Archive for March, 2013|Monthly archive page
Well, I made it! My first full marathon is in the books. (Do they still have books for that? At least it’s in the online results…how about that?) Although running 26.2 miles is never going to be easy, I’m pretty happy with how the day went.
Managing diabetes (on race days in particular) is a lot like balancing a bank account. You have to balance the credits of things that raise your blood sugar (like food, nerves, adrenaline) with the debits of things that lower it (like insulin and running -lots and lots of running). I can craft a pretty mean Excel formula, but in this case all I could do was develop a plan and stick to it as closely as possible.
My wife’s brother and his family live just outside of DC, so we stayed with them the nights before and after the race. This was great…not only because we like them and it was free, but it also allowed me to control things more going into Saturday morning. I cooked a trusted shrimp pasta dish for dinner Friday night, and since I’d eaten that many times before, I had a pretty good idea how my blood sugars would react. (As noted previously, I don’t like starting out a long run with crappy high blood sugar.) I also had my traditional (boring) pre-run breakfast of plain toast, so as far as food goes; I was able to avoid the unknown variables that would normally accompany an out-of-town race.
The other unknown variable was how the race-day nerves & anxiety would affect my blood sugar. I’ve dealt with this before, but never on the scale of “holy crap I’m in a strange city with 30,000 other runners trying to run 6.2 miles longer than I’ve ever run in my life”. Thankfully the anxiety wasn’t a huge problem…my blood sugar hovered around 200 most of the morning before the start – higher than I’d prefer, but not so high that I felt bad. I waited until about 30 minutes before the start to lower my basal rate (while waiting in the ridiculously long porta-potty line), which as I realized later was probably a little too late.
About 3 miles in, my Dexcom showed that unfriendly straight down arrow indicator, which just reinforced the feeling that I was dropping like a rock. I normally plan to have a GU gel every 3-4 miles, so I had to bump that plan up a little and had I think about 3 gels by mile 5. Around mile 6 or 7, things finally leveled off at around 85 mg/dl. The weird thing is, I stayed within 3 points of that the entire rest of the race. Normally there’s a gentle wave in the Dexcom graph between energy gels, but this time it was completely flat…almost to the point that I was worried something was wrong with my sensor. I really wanted to be over 100, so I had Gatorade at every water stop and ate GU packets as often as I could tolerate them, but nothing seemed to budge. I finally consoled myself that 85 would work, as long as it didn’t go lower than that. Aside from that minor struggle and the fact that I felt like Batman with so much crap strapped to my belt, diabetes was a relatively minor factor in the race.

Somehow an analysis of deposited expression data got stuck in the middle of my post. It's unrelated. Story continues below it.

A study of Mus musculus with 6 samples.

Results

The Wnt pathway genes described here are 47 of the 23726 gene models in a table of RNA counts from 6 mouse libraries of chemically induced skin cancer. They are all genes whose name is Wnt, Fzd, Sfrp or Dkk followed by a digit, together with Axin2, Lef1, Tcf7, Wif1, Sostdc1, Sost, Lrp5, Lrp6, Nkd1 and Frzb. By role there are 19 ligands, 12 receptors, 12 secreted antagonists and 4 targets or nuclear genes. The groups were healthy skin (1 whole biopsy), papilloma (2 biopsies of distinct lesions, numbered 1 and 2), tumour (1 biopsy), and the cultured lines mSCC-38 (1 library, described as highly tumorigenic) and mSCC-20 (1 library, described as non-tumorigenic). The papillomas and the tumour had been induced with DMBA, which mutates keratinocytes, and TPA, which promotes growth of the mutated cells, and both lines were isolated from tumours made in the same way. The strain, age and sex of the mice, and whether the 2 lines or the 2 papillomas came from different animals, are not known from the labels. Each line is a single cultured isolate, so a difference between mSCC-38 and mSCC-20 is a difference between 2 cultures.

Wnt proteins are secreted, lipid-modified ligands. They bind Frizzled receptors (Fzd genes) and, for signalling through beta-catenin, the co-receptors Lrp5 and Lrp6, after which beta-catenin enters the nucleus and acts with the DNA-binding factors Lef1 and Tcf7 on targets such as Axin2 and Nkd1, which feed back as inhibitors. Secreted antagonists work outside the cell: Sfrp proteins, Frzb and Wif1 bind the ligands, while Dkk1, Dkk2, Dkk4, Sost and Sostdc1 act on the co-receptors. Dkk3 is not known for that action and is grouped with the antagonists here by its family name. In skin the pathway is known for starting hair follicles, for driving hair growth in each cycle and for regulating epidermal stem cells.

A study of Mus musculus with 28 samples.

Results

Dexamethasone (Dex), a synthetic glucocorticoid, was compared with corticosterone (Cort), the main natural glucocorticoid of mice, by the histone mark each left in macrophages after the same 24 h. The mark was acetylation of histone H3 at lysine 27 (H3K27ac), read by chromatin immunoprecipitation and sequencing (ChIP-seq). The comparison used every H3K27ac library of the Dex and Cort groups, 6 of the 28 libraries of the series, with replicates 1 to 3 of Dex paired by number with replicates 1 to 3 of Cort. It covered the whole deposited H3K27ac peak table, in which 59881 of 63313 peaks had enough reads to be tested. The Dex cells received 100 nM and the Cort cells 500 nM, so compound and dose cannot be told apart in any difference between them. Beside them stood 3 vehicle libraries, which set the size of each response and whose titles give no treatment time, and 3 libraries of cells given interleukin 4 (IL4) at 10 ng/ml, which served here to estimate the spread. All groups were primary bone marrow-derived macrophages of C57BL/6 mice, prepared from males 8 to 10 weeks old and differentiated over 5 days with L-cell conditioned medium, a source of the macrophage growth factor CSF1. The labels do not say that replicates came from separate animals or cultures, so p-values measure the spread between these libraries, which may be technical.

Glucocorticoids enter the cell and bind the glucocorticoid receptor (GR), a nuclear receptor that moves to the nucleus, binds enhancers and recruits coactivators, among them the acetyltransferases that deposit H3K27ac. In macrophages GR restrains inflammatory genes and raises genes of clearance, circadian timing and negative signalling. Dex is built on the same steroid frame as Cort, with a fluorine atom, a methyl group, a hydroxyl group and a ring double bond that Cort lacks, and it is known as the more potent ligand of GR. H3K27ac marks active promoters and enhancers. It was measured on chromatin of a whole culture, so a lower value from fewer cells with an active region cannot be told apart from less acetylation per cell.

Running-wise, I felt really good. I was hoping to finish in around 4 ½ hours, but I was a little nervous about being able to keep my pace consistent enough to reach that goal. The race had arranged pace groups for 4:25 and 4:40 goals, which I was afraid were a little too fast or slow, respectively, for my fitness. After the first few miles I decided I felt pretty comfortable tucked in behind the 4:25 group, and I surprised myself by hanging with them for the first 20 miles…I even managed a half marathon PR along the way!
To the casual observer, the 20 mile mark would seem like a seemingly insignificant part of the race. I had read and heard a lot about how the race changes at that point, but it was a completely different thing to actually experience it. I had heard conflicting perspectives about the remainder of the race from marathon running friends…one told me that “it’s only a 10k from that point”, and the other said “the last 6 miles feel like Vietnam”. Turns out they were both right – it’s only a 10k. It’s also THE HARDEST 10K OF YOUR LIFE. If 10Ks were all like that, no one would ever do them. It’s amazing how you can see the difference in people before and after that point in the race. For the first 20 miles, most people are enjoying themselves and having friendly chats back and forth. After 20 miles, there’s a significant shift…people are still talking to each other, but conversation is mostly focused on 1) how much this sucks 2) where the next freaking mile marker is, and 3) reasons that you can’t give up. I remember being happy whenever I reached a new mile marker, but aside from that, I don’t remember much about miles 20-25. I think the organizers expected this, as they ran that part of the course through the least interesting sections of our nation’s capitol.
After mile marker 25, the finish was in sight, so I knew I could make it. I had been taking occasional walk breaks since mile 20, but I really wanted to finish the last 1.2 miles without having to walk…I made it about ¾ of a mile to that goal, and just couldn’t do it. I walked for probably 30 seconds, and then inspired by the growing crowd noise, slugged my way to the finish. I was lucky enough to see my wife, daughter, and brother-in-law on the final turn, so that gave me enough steam to make it to the finish line (they were also about to catch me at 2 other points along the route, which was awesome). I crossed the finish line in 4:32:29…not quite at my (admittedly arbitrary and untested) goal, but a performance I’m very happy with.
I’m very happy to have finally accomplished this goal that’s been on my list for several years, and of course I’ve already had several people ask if I’ll do another one. To save you all the effort…Yes…however, I’d like to spend some quality time with my family and do other things in addition to running before tackling marathon 2.0.